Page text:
Easiest way to update table


I have a 2 column table that stores configuration data, the tables are config and config_settings. There are 10 rows in those 2 columns. I have a page where I allow editing of those settings, then I submit them into the database. The way I'm currently doing it is like so:

[code]
$query = "UPDATE config SET config_setting = '$value' where config = '$colname'";
$db->dbQuery($query); //This is a db class I use
$query = "UPDATE config SET config_setting = '$value' where config = '$colname2'";
$db->dbQuery($query);
[/code]

and so on and so forth. I was thinking I might be able to read my settings posted from the previous page via $_POST variables into an array then do a foreach through the array and submit to the database like that, but I can't figure out how, or if it's possible.

Am I ok doing what I am doing now, or is there a cleaner way of doing it?

Thanks for your help!


[code]
$query = array();
$query[0] = "first query";
$query[1] = "second query";
//etc
foreach($query as $key=>$value):          
    mysql_query("$value") or die(mysql_error());
endforeach;
print "Changes submitted";
[/code]

But for each row in that table I have to manually define an array value, so what I'm trying to figure out now is can you read the contents of the $_POST array from a form into an array somehow?

Well I figured that out.. and it was easier than I thought.. I just decided to see if it was possible to dump the entire $_POST array, and it was. Simply doing a foreach loop like so:

[code]
foreach($_POST as $key=>$value):
   print "$value<BR>";
endforeach;
[/code]

But that also displayed the name of the submit button, so I was scratching my head wondering how on earth to supress the button name, then I was like.. It can't be that easy.. but it was, I just removed the name tag from the button and bingo! Just what I needed. So I guess I was just sharing in the end. Thanks anyway!

EDIT: Well maybe I spoke to soon. I can get the config_setting value from the array, but which row to set it to presents me a new problem....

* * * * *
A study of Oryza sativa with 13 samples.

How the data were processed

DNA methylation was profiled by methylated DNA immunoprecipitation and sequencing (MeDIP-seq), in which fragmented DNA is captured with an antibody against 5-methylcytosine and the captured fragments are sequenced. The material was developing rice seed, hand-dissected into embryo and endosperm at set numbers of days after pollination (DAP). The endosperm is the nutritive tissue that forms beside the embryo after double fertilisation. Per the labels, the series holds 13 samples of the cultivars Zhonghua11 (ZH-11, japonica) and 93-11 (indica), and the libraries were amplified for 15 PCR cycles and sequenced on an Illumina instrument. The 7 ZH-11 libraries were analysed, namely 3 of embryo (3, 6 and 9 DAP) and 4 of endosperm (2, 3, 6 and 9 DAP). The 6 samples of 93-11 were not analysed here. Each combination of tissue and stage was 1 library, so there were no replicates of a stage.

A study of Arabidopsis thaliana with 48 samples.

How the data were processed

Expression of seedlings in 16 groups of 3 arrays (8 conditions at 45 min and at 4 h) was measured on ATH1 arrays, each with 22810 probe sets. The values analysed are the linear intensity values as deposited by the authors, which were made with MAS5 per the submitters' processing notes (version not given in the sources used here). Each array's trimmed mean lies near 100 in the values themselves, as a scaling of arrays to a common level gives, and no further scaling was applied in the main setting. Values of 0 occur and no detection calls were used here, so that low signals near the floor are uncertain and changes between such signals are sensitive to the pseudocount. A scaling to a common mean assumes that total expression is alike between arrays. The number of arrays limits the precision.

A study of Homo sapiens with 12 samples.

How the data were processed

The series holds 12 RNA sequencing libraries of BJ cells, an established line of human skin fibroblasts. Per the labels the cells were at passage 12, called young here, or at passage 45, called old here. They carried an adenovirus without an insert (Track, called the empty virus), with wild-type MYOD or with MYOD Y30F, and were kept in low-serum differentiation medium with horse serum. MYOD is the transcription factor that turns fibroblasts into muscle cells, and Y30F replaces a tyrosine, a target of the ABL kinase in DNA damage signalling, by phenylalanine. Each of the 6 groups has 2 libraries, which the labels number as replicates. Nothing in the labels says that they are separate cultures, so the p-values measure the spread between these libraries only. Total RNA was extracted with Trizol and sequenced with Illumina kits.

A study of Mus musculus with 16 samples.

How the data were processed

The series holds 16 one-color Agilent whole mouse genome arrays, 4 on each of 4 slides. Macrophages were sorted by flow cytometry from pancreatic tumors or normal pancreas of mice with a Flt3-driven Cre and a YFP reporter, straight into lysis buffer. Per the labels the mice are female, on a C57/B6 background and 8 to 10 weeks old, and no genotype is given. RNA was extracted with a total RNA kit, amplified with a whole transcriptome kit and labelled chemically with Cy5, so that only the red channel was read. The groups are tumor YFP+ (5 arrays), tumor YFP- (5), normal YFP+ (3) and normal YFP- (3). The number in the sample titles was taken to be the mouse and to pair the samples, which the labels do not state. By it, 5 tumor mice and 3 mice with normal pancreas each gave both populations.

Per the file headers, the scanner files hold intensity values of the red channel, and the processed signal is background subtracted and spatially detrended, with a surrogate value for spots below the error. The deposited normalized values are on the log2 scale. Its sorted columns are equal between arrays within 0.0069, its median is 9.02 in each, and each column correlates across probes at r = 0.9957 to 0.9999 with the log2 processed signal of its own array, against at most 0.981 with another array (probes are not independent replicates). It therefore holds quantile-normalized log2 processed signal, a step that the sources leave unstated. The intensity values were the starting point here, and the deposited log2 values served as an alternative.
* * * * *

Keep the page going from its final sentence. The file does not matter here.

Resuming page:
Well I figured that out.. and it was easier than I thought.. I just decided to see if it was possible to dump the entire $_POST array, and it was. Simply doing a foreach loop like so:

[code]
foreach($_POST as $key=>$value):
   print "$value<BR>";
endforeach;
[/code]

EDIT: Well maybe I spoke to soon. I can get the config_setting value from the array, but which row to set it to presents me a new problem....
[/quote]

The $key value is the name of the input, so you would just do it like this:
[code]
foreach ($_POST AS $key=>$value) {
     $db->dbQuery("UPDATE config SET config_setting = '$value' where config = '$key'");
}
[/code]

The $key value is the name of the input, so you would just do it like this:
[code]
foreach ($_POST AS $key=>$value) {
     $db->dbQuery("UPDATE config SET config_setting = '$value' where config = '$key'");
}
[/code]
[/quote]

Ah, that makes sense. Whatever I set the name setting of the input/selects to is what carries over as the key so it works out that I normally set my name key as the setting name. That ended up being as easy as I originally thought. Thanks for the help!

Ah, that makes sense. Whatever I set the name setting of the input/selects to is what carries over as the key so it works out that I normally set my name key as the setting name. That ended up being as easy as I originally thought. Thanks for the help!
[/quote]

I actually loop through the same way to actually print out each item on the configuration page, that way I can add a configuration setting by adding a row in the MySQL database, I use just one more column, which is a type variable. just to get your mind thinking if you are building larger scale applications, it makes it easier to update.